1959 Jaguar XK 150S 3.4 Roadster

Courtesy of Bonhams

The final glorious incarnation of Jaguar’s fabulous XK series of sports cars arrived in 1957. The XK 150 was a progressive development of the XK 120 and XK 140, retaining the same basic chassis, 3.4-liter engine and 4-speed Moss transmission of its predecessors while benefiting from a new, wider body that provided increased interior space and improved visibility — courtesy of a single-piece wrap-around windscreen that replaced the XK 140’s divided screen.

Cleverly, the new body used many XK 120/140 pressings, the increased width being achieved by means of a four-inch-wide central fillet. A higher front wing line and broader radiator grille were other obvious differences, but the new model’s main talking point was its Dunlop disc brakes. Fade following repeated stops from high speed had been a problem of the earlier, drum-braked cars, but now the XK had stopping power to match its prodigious straight-line speed.

Introduced in the spring of 1957, the XK 150 was available at first only in fixed and drophead coupe forms, the open roadster version not appearing until the following year. At 190 brake horsepower, the engine’s maximum power output was identical to that of the XK 140, so performance was little changed.

Special Equipment and S versions came with 210 and 250 brake horsepower respectively. Overdrive and a Borg-Warner automatic gearbox were the transmission options, while a Thornton Powr-Lok limited-slip differential was available for the XK 150S.

Steel wheels remained the standard fitting, although XK 150s so equipped are a great rarity, as most were sold in SE (Special Equipment) specification with center-lock wire wheels. The much-admired chromed Jaguar mascot was made available as an optional extra on an XK for the first time.

“The Jaguar XK 150 is undeniably one of the world’s fastest and safest cars. It is quiet and exceptionally refined mechanically, docile and comfortable… we do not know of any more outstanding example of value for money,” declared The Autocar.

A much-sought-after S model, this XK 150 roadster comes with a Jaguar Heritage Certificate confirming that it left the factory in March 1959 equipped with the 3.4-liter engine and desirable manual/overdrive transmission. The car was delivered via Mann Egerton and finished in Carmen Red with matching leather interior and black soft top — its present color scheme.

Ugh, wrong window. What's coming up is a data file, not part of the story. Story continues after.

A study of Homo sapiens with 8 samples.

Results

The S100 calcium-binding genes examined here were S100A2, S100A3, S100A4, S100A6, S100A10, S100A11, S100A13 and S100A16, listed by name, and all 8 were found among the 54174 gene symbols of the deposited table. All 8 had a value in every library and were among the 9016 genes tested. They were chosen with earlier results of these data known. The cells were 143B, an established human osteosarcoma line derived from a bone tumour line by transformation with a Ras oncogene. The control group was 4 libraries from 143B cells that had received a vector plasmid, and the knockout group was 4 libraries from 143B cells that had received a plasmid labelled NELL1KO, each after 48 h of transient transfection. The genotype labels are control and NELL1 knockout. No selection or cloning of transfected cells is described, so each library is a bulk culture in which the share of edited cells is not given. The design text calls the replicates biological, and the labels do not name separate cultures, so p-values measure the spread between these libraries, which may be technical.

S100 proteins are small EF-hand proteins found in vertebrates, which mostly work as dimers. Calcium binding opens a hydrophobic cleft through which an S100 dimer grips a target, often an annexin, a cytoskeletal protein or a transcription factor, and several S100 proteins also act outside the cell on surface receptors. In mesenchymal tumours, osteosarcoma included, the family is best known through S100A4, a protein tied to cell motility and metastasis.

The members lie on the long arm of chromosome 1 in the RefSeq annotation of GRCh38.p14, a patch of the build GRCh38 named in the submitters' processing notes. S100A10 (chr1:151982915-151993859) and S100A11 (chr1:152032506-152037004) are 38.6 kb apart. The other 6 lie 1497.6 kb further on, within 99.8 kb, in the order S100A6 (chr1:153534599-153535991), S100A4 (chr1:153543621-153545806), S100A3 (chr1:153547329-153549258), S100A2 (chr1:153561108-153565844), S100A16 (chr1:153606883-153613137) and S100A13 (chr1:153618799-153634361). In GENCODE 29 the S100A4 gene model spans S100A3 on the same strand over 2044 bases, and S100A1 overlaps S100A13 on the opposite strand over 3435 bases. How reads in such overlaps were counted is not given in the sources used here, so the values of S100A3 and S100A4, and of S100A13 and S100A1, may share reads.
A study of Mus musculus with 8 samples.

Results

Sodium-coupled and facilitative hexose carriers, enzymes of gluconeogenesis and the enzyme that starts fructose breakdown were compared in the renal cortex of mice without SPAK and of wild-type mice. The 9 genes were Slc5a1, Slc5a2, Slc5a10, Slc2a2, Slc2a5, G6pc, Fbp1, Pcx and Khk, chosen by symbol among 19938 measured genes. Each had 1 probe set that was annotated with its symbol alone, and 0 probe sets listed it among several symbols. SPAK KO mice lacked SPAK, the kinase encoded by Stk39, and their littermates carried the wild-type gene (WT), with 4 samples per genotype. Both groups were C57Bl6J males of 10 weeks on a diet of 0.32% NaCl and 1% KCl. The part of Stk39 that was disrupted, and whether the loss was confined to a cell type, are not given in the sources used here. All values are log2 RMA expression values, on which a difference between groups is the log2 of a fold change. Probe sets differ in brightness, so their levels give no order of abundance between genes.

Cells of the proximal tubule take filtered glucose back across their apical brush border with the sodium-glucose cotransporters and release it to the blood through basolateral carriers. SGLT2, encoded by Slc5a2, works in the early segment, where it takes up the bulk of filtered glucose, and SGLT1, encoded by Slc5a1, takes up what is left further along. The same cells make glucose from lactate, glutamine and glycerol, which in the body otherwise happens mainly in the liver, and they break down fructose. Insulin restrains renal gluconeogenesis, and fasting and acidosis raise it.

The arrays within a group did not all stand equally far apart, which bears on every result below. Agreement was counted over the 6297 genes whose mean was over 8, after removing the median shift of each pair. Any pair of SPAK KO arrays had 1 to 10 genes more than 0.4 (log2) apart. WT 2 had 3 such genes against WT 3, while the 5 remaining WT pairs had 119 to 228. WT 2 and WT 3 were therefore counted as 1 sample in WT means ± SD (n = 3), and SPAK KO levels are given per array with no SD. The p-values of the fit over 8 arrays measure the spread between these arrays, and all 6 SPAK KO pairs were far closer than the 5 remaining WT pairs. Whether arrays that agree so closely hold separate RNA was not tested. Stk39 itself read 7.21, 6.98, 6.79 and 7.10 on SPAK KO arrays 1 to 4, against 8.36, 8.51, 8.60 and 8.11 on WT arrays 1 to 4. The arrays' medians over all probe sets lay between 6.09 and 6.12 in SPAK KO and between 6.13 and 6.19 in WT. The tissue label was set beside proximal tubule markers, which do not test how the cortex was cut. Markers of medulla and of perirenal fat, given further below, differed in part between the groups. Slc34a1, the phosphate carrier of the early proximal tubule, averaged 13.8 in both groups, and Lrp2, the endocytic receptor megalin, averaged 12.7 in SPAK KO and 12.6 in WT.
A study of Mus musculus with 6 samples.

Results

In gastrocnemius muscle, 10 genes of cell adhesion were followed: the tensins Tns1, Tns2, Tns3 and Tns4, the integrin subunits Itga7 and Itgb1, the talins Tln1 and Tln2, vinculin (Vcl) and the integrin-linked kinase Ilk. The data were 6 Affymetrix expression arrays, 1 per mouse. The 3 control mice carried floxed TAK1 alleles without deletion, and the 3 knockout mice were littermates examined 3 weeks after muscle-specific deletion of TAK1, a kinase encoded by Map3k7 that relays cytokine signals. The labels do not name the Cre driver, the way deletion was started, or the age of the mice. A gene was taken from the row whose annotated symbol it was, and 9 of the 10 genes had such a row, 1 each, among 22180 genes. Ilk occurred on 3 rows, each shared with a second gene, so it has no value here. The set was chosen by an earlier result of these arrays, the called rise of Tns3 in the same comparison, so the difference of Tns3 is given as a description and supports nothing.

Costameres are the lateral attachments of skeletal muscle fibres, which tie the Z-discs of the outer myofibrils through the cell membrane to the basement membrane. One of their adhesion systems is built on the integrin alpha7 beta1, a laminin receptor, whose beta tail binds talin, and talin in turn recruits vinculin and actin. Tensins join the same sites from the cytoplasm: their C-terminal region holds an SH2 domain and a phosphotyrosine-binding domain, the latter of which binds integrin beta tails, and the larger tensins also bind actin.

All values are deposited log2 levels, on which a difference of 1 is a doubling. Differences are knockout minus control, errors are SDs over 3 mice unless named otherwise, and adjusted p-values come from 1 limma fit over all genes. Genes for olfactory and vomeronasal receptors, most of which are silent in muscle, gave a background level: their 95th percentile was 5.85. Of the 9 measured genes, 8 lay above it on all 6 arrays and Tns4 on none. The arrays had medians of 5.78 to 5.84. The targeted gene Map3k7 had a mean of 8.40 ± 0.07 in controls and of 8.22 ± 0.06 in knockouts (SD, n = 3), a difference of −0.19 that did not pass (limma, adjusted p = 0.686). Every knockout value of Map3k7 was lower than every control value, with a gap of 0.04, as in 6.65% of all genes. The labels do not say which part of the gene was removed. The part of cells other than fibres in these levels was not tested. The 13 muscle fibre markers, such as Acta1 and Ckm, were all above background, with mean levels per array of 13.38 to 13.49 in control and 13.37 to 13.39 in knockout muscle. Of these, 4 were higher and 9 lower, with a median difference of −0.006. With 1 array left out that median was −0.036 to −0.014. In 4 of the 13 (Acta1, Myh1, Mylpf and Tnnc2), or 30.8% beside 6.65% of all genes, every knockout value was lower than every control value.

Retaining matching chassis/engine numbers and its original Norfolk registration, 7228AH has been in single-family ownership from new and comes with its original old-style buff logbook, the latter erroneously recording the engine capacity as 3,781 cc.

We are advised the XK has been driven mostly in the dry, is not corroded in the usual places and is generally sound; last taxed in 2004 and garage stored since then, it will have been recommissioned prior to sale. The car is offered with the aforementioned logbook and Jaguar Heritage Certificate, sundry service invoices, V5 registration document and its original toolkit, PDI form, price list and owner’s handbook. An electric windscreen washer and twin 12-volt batteries are the only notified deviations from factory specification.

Paul Hardiman

Paul Hardiman - SCM Senior Auction Analyst - %%page%%

Paul is descended from engineers and horse thieves, so he naturally gravitated toward the old-car marketplace and still finds fascination in the simpler things in life: looking for spot-weld dimples under an E-type tail, or counting the head-studs on a supposed Mini-Cooper engine. His motoring heroes are Roger Clark, Burt Levy, Henry Royce and Smokey Yunick — and all he wants for next Christmas is an Alvis Stalwart complete with picnic table in the back and a lake big enough to play in.